I lead most of the time I dance tango. I practice my follower’s skills in practicas. In milongas, I will sometimes follow in playful roles swaps with some lady friends.
I love to follow. It has been a process of re-discovering the dance. It made me gain much more appreciation for the dance and in particular, for how a leader can make a dance wonderful.
After reading this entry from tangopilgrim I realized why I love to follow. While leading I always need to be ahead of the follower and the dance in some ways, as a follower I release myself from all that and focus on the present. And the present only.
Recently I had a chance to dance with a relatively famous Tango DJ. I immediately realized she was a really nice person since even though she was tired she still swapped her sandals for some dancing shoes after I asked her. That, on everyone’s book, is a very nice gesture.
We danced and chatted. The dancing was very cool, relaxing, flowy. I went for a laid-back interpretation of the music. Enrique Rodriguez. I shared with her about how I’ve been going back and forth between different approaches to interpreting music. Basically to either try to capture the mood of the whole music or to try and dance every tiny nuance/detail of the song. She joked about it and told me I was maybe worrying to much about it…
That further led us to talk about how we spend our time at the milongas. She then told me something very interesting that reminded me of how I sometimes forget how social the milongas should be. The thing she enjoys more at the milongas, believe it or not, is not actually the non-stop dancing. What she enjoys more is to sit and eat while talking with people mixed with the dancing.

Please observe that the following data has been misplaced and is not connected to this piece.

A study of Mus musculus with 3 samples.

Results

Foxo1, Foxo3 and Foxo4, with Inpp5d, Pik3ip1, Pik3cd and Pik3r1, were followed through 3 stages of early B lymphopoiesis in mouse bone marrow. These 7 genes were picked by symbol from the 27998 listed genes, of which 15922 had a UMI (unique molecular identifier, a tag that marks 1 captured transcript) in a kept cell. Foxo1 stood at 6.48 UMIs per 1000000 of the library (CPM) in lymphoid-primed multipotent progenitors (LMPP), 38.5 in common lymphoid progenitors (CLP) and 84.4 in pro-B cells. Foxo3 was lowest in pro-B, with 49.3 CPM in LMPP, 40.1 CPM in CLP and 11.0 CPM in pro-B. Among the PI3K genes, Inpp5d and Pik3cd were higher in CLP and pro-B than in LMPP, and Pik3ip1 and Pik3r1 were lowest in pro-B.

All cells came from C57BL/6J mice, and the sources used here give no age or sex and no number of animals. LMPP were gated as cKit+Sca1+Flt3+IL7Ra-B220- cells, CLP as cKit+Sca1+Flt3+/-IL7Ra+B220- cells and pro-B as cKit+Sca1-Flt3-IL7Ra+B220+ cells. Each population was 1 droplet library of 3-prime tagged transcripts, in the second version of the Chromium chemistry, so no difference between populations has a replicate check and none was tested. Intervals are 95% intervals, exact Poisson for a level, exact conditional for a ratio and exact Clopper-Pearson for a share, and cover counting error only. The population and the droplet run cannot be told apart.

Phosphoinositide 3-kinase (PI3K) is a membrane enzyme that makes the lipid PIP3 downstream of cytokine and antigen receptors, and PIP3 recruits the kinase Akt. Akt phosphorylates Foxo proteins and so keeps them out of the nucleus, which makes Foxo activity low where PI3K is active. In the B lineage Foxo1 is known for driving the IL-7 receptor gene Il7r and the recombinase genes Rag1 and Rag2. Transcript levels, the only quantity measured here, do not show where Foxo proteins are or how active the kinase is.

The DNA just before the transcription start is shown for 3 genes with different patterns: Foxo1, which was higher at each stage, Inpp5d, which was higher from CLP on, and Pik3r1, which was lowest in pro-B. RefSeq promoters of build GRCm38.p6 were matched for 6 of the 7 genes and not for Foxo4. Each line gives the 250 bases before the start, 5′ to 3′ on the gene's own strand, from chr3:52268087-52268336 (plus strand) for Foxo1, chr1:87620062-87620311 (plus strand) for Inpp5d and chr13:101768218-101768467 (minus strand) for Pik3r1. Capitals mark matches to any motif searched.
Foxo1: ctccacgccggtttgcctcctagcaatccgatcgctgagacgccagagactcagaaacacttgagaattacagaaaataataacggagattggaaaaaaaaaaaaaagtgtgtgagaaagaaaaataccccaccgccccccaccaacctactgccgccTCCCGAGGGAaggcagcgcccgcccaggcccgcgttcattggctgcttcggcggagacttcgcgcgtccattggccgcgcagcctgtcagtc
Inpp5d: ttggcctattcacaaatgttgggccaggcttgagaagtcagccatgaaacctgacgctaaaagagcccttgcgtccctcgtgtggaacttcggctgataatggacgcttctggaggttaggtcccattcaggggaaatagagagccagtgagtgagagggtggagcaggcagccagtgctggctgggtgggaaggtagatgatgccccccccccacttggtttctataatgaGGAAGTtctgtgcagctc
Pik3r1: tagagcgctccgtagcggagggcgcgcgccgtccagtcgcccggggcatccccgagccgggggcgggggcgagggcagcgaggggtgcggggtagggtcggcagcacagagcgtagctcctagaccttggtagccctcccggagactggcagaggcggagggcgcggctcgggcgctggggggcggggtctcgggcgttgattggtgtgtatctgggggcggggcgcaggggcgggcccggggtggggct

Here’s to food and wine at milongas!
Why can’t I pivot like the pros!
I said hi and she said hi back to me. The last and only time we danced was, according to my recollection, disappointing. To her.
I was nervous since I had seen her dance before. She was obviously a gifted dancer. I could not connect and figure out her style. Nothing in that dance “connected” to me. Not with the music, not with her. My mind had been haunted already with the images of her confidence dancing with great dancers. I could not shake that off. The dance was not our dance, it was someone else’s, badly impersonated. A sad affair.
She remembered me. She remembered me as a person.
In the milonga world there are dancers and amazing human beings that love to dance. I admire the latter. I am grateful she reminded me of that.